Then, you tag team that idea with the chance of going months without key network security personnel after someone goes to a new job, then the need for role redundancy is greater - which means most organizations should be scrambling to increase security skills of the existing staff.
So, that's some of the substance of what I heard from Cisco. However, I was a bit skeptical, and asked if they had any publicly available data to back up the baseline assumption: security personnel demand does/will exceed supply. Cisco cited three references:
A 2010 CCIE survey, which showed that security is the top skill needed over the next 5 years. (Survey is dated Feb 2009.)
A 2009 Forrester research study, published on Cisco's web site. This survey asserts that managers need to focus on roles, coverage, and that managers claim that they look at certifications to validate skills. If you look closely, those certs follow behind the idea of looking for experience. (I have to admit, reading the report, it made me wonder if the objective was to favor certifications, but you can make your own assessment.)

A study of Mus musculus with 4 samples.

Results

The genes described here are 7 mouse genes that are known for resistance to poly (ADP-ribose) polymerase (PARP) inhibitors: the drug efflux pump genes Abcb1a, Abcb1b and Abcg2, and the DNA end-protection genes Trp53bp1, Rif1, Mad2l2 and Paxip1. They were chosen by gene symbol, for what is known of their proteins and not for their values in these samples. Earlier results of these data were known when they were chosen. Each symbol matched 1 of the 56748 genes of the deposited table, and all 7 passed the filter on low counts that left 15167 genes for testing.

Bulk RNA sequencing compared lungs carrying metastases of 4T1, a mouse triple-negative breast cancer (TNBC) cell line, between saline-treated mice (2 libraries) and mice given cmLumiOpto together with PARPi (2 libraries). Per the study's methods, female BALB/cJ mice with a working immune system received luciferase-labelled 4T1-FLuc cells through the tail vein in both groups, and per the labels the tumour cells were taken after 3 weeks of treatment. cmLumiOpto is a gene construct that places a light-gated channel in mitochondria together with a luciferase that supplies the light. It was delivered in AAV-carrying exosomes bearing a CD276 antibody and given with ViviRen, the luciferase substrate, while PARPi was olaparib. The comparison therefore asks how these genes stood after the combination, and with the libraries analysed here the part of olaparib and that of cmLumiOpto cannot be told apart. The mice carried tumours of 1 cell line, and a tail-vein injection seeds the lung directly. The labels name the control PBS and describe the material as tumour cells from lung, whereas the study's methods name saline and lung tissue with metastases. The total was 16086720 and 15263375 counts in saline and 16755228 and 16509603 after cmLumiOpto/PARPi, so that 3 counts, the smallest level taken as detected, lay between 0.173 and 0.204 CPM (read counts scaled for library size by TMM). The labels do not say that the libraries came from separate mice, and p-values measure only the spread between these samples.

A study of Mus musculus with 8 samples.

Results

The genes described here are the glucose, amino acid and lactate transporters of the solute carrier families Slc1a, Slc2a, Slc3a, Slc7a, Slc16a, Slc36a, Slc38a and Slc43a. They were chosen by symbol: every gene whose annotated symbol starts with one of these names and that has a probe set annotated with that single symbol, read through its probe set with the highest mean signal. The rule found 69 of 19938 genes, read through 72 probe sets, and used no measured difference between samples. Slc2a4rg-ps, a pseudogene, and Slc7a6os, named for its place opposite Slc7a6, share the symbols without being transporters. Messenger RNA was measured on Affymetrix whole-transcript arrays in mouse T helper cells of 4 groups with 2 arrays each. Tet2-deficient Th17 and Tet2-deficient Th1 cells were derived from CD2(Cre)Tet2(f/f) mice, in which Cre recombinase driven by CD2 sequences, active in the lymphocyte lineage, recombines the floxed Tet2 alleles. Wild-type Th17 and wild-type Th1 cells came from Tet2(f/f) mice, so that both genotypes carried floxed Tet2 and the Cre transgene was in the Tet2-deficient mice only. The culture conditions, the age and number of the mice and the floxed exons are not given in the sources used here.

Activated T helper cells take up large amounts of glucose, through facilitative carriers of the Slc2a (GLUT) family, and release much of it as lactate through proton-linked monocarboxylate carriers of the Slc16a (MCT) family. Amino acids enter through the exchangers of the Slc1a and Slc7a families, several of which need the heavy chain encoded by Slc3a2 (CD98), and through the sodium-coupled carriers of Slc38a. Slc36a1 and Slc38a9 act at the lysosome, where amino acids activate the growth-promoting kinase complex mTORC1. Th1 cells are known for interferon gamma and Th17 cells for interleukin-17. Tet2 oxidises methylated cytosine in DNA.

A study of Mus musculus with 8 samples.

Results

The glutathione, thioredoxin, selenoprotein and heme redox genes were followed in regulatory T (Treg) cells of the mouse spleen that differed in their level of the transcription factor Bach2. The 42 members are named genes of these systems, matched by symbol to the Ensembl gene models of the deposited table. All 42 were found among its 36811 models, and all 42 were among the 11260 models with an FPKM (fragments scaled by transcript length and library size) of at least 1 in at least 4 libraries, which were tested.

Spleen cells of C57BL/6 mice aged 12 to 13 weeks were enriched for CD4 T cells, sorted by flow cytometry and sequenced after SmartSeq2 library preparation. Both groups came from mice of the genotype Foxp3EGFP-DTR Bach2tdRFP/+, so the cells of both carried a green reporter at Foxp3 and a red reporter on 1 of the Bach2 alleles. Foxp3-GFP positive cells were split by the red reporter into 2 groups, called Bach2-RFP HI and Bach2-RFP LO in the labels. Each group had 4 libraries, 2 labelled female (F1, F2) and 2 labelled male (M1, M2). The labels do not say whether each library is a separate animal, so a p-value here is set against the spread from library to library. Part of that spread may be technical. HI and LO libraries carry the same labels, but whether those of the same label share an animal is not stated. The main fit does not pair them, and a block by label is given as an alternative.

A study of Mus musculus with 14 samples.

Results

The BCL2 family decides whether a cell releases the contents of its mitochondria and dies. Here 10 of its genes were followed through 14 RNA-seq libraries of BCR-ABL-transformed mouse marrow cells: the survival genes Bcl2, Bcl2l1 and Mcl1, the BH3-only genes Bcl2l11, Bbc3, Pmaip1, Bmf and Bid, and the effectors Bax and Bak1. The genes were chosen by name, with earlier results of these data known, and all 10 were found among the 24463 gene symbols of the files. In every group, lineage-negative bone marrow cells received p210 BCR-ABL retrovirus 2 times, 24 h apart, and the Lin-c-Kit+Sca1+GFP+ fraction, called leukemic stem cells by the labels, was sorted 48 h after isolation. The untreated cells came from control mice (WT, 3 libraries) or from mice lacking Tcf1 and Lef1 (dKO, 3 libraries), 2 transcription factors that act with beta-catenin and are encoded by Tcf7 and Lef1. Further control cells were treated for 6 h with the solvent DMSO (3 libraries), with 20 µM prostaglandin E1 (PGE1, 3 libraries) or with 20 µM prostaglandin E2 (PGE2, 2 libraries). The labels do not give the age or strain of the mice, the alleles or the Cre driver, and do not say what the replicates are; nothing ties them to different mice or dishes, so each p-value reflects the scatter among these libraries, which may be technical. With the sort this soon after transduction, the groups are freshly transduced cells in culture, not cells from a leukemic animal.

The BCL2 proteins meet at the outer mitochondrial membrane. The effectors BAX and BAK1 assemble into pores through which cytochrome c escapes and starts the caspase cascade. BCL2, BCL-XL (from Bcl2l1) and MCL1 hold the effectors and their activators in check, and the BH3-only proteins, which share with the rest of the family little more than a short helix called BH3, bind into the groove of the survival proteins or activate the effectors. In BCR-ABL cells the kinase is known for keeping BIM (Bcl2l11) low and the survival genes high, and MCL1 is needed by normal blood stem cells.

An article on the HomelanSecurityNewsWire.com web site, which has some real evidence of the demand exceeds supply argument. In particular, this article sites competition with the private sector for security engineers and that the candidates currently filling the technical security jobs simply aren't technical.
Well, that's the news - some new Cisco specialty certifications, plus some seemingly good news on the job front if you're interested in network security. But I can't resist the urge to ask you all. Do you see it happening locally? Do you buy this idea that the demand exceeds the supply of network security engineers? Weigh in with written comments, take this poll, and join in.